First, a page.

Human rights in Tajikistan

politics and government of
Tajikistan

According to the US Department of State's report[1] on Human Rights in Tajikistan, citizens are denied many of their rights and have limited ability to change the system of government. The report found this to be especially true in the case of prisoners Prisoners, whose access to basic Human Rights was inadequate: here have been reports of torture, threats, and abuse of prisoners and detainees by security forces due, in part, to their ability to act with impunity. The denial of the right to a fair trial for those who stand accused of a crime has been identified as another issue, which can often contribute to harsh and life-threatening prison conditions as well as the blocking of international access to Tajikistan prisons. Pre-trial detention is typically longer than needed, and court proceeding are controlled by the prosecution. Prisons are overcrowded, and the incidence of tuberculosis and malnutrition is high among inmates.

Other restrictions include restrictions on media, freedom of speech, freedom of association, and freedom of worship, as well as restrictions on political opposition. Registration and visa difficulties, violence and discrimination against women, human trafficking, and child labour have also been reported.[2] Tajikistan is also reported to be both a source and a transit point for human trafficking.[3]

Intimidation and killings of journalists[edit]

It has been reported that, in the 1990s, dozens of journalists were killed or disappeared in mysterious circumstances in Tajikistan. Together with increasing attacks on journalists, the 2005 parliamentary elections brought increased closures of independent and opposition newspapers. In 2003, the government blocked access to the only internet website run by the political opposition and in June 2014, YouTube was partially blocked by the government.[4]

Name change law[edit]

According to Ilan Greenberg, writing in the New York Times in 2007,[5] The President of Tajikistan Emomalii Rahmon, stated that the Slavic "-ov" ending must be dropped for all babies born to Tajik parents. The policy came about in the wake of recent policies intended to remove vestiges of Russian influence on the country. In light of this, some Tajiks have expressed confusion or opposition at the denial of the freedom to choose the name for one's child.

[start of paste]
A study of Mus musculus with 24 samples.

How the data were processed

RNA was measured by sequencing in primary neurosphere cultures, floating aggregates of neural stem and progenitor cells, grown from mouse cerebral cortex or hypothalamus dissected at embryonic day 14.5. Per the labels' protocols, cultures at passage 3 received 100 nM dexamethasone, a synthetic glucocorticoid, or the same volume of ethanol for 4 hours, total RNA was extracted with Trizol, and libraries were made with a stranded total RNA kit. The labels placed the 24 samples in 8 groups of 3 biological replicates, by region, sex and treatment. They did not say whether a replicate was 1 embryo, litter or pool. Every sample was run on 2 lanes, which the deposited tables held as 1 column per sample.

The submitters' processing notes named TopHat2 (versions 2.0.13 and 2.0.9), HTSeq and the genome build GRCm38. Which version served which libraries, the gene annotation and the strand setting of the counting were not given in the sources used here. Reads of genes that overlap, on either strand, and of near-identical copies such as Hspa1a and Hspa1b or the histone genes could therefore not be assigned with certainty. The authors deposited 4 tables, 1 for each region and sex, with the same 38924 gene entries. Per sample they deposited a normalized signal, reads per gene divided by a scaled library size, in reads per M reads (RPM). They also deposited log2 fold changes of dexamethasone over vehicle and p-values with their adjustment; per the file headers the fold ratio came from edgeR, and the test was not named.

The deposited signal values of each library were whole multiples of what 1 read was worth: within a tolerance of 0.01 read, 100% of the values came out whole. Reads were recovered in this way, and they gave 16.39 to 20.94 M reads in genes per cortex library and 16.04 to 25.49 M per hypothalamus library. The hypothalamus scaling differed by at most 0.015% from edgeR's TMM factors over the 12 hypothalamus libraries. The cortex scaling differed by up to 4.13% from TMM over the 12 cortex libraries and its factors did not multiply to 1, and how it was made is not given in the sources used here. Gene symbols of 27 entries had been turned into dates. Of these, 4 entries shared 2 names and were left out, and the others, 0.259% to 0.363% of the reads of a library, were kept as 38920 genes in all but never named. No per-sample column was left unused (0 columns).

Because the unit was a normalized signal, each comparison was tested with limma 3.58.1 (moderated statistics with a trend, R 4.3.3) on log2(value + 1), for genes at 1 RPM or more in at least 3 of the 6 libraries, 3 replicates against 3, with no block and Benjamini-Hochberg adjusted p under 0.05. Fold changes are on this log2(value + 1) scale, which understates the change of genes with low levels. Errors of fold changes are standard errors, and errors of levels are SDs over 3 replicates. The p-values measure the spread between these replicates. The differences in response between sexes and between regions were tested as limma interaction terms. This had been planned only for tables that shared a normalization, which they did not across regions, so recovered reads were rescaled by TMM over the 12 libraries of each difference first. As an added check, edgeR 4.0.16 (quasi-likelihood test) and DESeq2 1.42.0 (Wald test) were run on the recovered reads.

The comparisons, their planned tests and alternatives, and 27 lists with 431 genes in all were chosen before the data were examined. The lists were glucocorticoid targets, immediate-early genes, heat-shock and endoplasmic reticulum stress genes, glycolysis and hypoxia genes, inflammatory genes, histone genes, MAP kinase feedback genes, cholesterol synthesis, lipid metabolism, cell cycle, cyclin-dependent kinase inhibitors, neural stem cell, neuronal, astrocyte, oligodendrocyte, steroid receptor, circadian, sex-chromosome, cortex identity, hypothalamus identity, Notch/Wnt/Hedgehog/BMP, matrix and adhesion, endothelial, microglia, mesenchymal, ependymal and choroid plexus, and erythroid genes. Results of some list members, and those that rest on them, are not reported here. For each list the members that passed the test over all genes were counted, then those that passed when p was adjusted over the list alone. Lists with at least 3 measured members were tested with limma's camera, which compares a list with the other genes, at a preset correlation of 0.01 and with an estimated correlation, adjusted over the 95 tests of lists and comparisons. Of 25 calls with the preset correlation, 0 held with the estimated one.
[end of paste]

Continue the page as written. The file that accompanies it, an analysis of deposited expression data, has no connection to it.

Freedom of religion[edit]

Some activities of religious groups have been restricted by the requirement for registration with the State Committee on Religious Affairs. Islamic pilgrimages are restricted, and religious groups such as the Jehovah's Witnesses have suffered occasional persecution: since October 22, 2007, Jehovah's Witnesses have had their practices banned by the government.[6]

Allegations of systematic violence against military conscripts[edit]

In June 2014 Global Voices Online reported that the practice of systematic violence against military conscripts (referred to as dedovshina) had risen to public awareness following a recent increase in incidences of manslaughter and suicides in the Tajik Army, and the April 17, 2014 death of Akmal Davlatova, who was beaten to death by his lance sergeant.[7][8] Kidnapping of recruits was said to be a common practice in Tajikistan and victims have sometimes videotaped their own kidnappings.[9][10]

See also[edit]

References[edit]

  1. ^ "Tajikistan". U.S. Department of State. Retrieved 2017-01-09. 
  2. ^ "Human Rights Reports: Tajikistan". U.S. Department of State. Retrieved 2016-10-19. 
  3. ^ https://iwpr.net/global-voices/rise-human-trafficking-tajikistan
  4. ^ YouTube Partially Blocked In Tajikistan By RFE/RL's Tajik Service, June 10, 2014, http://www.rferl.org/content/youtube-partially-blocked-in-tajikistan/25416452.html
  5. ^ Greenberg, Ilan (2007-03-28). "Tajik President Outlaws Slavic Endings on Names". The New York Times. ISSN 0362-4331. Retrieved 2017-01-09. 
  6. ^ Jehovah's Witnesses: Office of Public Information Authorized Site
  7. ^ Tajikistan's Army Chokes Young Draftees to Death, Posted 10 June 2014 8:57 GMT , http://globalvoices.org/2014/06/10/tajikistans-army-chokes-young-draftees-to-death/
  8. ^ Radio Free Europe, 11 июня 2014, Таджикистан, Дело о «поперхнувшемся хлебом» солдате направлено в суд, http://rus.ozodi.org/content/article/25411009.html
  9. ^ YouTube, Published on Apr 11, 2012, видео, добавленное с мобильного телефона, https://www.youtube.com/watch?v=ogYXVMin43A
  10. ^ Tajikistan's Army Chokes Young Draftees to Death, Posted 10 June 2014 8:57 GMT , http://globalvoices.org/2014/06/10/tajikistans-army-chokes-young-draftees-to-death/

External links[edit]

 This article incorporates public domain material from the Library of Congress Country Studies website http://lcweb2.loc.gov/frd/cs/.